Tuesday, October 06, 2009

Breakfast Conversation (II)

I've been mulling over another part of the breakfast conversation.

My friend said, more than once, "All you can really do in this life is choose whether to be happy."
Or something to that effect.

I don't believe that the purpose of life is to be happy. Happiness is a nice side effect, and one that probably a majority of Americans experience much of the time.

Of course, a lot depends upon how you define happiness. But I think it's safe to say that in a world filled with wars, violence, starvation, deprivation, and disease, an awful lot of people do not find happiness in any conventional sense of the word.

The Presbyterian Church teaches that our chief end is to glorify God and to enjoy God forever. The Catholic Church, that it is to know and love God. My friend St. Ignatius, that it is to praise, reverence, and serve God, or (in more contemporary language), to live with God forever.

Thus those of you who are not religious and from time to time dismiss faith as a crutch or a false source of comfort might see that the purpose of our lives, as stated in major Christian creeds and confessions, is often at odds with comfort.

I can assure you that is not much of an opiate to be told, in the face of the loss of a child, that glorifying God is the chief end of your life.

But as I see it, to say that the point of life is "to be happy" renders our existence virtually pointless, while the alternative, "to know God," offers us dignity and significance.
If all that is available to me in the face of the death of my child is "to choose happiness" ~ well, that seems to me to represent the epitome of triviality. However, if knowledge of God ~ which would also mean knowledge of love, knowledge of ways to remain present to those I care for, knowledge of my life having some purpose ~ remains a possibility, then there is a point to life.

I'm not saying it's easy. And I'm not saying we should seek out misery for ourselves, or view life as a grim narrative of pointless toil or senseless suffering.

But the hard reality is that to know God in the context of Christianity is to know sorrow.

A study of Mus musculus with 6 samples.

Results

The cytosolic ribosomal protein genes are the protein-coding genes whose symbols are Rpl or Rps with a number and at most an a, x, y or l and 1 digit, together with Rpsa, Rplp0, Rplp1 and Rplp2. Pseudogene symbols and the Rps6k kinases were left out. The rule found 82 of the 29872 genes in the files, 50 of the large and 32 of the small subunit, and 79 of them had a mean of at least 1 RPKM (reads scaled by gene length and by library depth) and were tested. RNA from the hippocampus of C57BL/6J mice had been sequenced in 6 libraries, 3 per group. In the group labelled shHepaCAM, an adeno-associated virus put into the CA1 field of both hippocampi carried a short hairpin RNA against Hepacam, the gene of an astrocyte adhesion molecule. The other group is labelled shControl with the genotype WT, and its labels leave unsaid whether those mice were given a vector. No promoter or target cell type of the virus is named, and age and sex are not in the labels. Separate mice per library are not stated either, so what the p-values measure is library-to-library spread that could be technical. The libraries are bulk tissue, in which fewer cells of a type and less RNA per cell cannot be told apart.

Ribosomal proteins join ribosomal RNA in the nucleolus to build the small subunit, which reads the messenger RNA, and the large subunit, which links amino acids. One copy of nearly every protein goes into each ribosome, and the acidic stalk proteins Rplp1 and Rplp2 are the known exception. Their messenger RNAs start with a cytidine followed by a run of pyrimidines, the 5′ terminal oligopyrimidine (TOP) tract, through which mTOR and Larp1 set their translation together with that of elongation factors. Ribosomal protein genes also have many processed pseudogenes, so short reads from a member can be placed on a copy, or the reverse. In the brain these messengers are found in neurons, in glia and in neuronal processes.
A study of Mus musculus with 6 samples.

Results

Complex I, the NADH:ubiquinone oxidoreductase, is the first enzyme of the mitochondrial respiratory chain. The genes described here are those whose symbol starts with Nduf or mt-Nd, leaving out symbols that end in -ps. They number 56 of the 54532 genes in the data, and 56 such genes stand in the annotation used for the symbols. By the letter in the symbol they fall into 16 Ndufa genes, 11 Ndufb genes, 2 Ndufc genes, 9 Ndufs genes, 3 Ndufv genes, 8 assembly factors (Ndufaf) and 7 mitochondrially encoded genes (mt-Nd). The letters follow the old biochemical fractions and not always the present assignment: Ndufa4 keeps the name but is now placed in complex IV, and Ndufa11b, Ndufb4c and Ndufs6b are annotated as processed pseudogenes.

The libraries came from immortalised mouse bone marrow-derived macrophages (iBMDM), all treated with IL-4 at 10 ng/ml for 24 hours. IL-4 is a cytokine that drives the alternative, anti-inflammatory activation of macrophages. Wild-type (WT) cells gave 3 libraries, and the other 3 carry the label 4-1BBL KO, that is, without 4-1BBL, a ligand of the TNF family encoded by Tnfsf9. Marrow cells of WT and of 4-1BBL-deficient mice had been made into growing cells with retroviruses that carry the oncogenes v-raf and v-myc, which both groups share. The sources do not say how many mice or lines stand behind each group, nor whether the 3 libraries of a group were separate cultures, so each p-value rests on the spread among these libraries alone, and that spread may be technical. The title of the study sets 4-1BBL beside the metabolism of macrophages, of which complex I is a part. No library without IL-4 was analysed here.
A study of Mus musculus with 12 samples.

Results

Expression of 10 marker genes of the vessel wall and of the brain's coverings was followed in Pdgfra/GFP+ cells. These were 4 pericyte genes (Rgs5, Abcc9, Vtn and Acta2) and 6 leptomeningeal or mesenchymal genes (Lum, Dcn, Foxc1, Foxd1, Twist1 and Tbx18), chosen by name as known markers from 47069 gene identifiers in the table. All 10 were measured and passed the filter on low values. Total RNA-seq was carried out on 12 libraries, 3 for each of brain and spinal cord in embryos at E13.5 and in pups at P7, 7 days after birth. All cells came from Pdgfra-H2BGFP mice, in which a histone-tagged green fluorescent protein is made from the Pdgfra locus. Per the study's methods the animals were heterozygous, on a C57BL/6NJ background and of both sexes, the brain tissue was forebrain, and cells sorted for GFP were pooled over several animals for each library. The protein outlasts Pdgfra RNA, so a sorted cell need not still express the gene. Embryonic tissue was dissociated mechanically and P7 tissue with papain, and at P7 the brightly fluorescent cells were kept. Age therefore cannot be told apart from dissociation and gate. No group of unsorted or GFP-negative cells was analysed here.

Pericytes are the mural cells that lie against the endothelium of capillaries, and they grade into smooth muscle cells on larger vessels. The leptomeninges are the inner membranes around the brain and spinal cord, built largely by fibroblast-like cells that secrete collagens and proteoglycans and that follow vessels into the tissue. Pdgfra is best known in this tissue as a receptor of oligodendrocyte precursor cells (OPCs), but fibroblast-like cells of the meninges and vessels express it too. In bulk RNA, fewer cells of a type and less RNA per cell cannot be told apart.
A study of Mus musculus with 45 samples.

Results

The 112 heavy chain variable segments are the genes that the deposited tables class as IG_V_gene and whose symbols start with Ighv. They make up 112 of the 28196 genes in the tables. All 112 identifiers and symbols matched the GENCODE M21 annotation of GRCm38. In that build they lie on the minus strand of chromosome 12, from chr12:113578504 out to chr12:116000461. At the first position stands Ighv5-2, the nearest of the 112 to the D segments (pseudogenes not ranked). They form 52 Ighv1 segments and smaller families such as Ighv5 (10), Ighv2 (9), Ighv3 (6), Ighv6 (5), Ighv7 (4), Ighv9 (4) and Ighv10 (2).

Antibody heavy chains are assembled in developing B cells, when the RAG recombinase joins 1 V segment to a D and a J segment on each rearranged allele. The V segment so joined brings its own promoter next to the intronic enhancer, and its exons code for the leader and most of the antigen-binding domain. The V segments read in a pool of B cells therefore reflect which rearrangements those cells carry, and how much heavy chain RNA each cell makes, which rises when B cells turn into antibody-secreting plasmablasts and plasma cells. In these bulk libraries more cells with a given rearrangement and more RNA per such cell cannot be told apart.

It might seem, then, that it would only make sense to choose the pursuit of happiness over the pursuit of knowledge of God.

But really ~ if the choice were placed in the stark relief drawn by the worst kind of scenario, would you choose trivia over dignity and value? And perhaps it is in choosing the latter that genuine happiness lies.


(Cross-posted at Desert Year.)


Quotidian Grace said...

What a profound post, GG. Thank you.

Stratoz said...

I see choosing God has brought me into a life filled with Joy, Hope... and Sadness, Despair...

a full life I had not truly experienced.

not to say there are not other paths to a full life, I just happened to find it when I chose to walk with God.

Waking Heart (WH) said...

Interesting the statment "The Presbyterian Church teaches that our chief end is to glorify God and to enjoy God forever. The Catholic Church, that it is to know and love God" contrasted to what my understanding of the "purpose" to the practice Buddhism - to relieve the suffering of all living beings. At least that's how I understand Buddhism, but I am neither a Buddhist nor a religion expert.

I am much more comfortable with a horizontal view than a vertical one - one reason organized religion hasn't offered me much. What I find beautiful in Buddhism is the extension of compassion to all living beings, not just the two-leggeds. This resonates well with me, as one who finds a connection with nature as essential to my life as oxygen. I can find more purpose in this than what the churched I was raised in taught me.


RevDrKate said...

I had a client tell me yesterday that he knew at age ten that life was going to be "hard and painful and never make sense" and that nothing that has happened since has changed his mind. I was silent. I have you to thank for that.

Jim said...

You could preach this in "my" church any day. In fact, you may have just inspired my next visit to the Youth Detention Center...

Melissa said...

I was raised with the message that I wasn't put on this earth to be happy. Finally at about age 40 I rejected that. I'm now 51 and the past 11 years have been spent searching for the purpose of life. I am far from figuring it out, but I do know that love was the purpose. I know that God is love and no one on earth has the the answers to the questions that we all seek. The answers are inside of us, where God lives and we will all find different answers. And I really beieve that God is okay with that. That's what grace is all about. At least for me.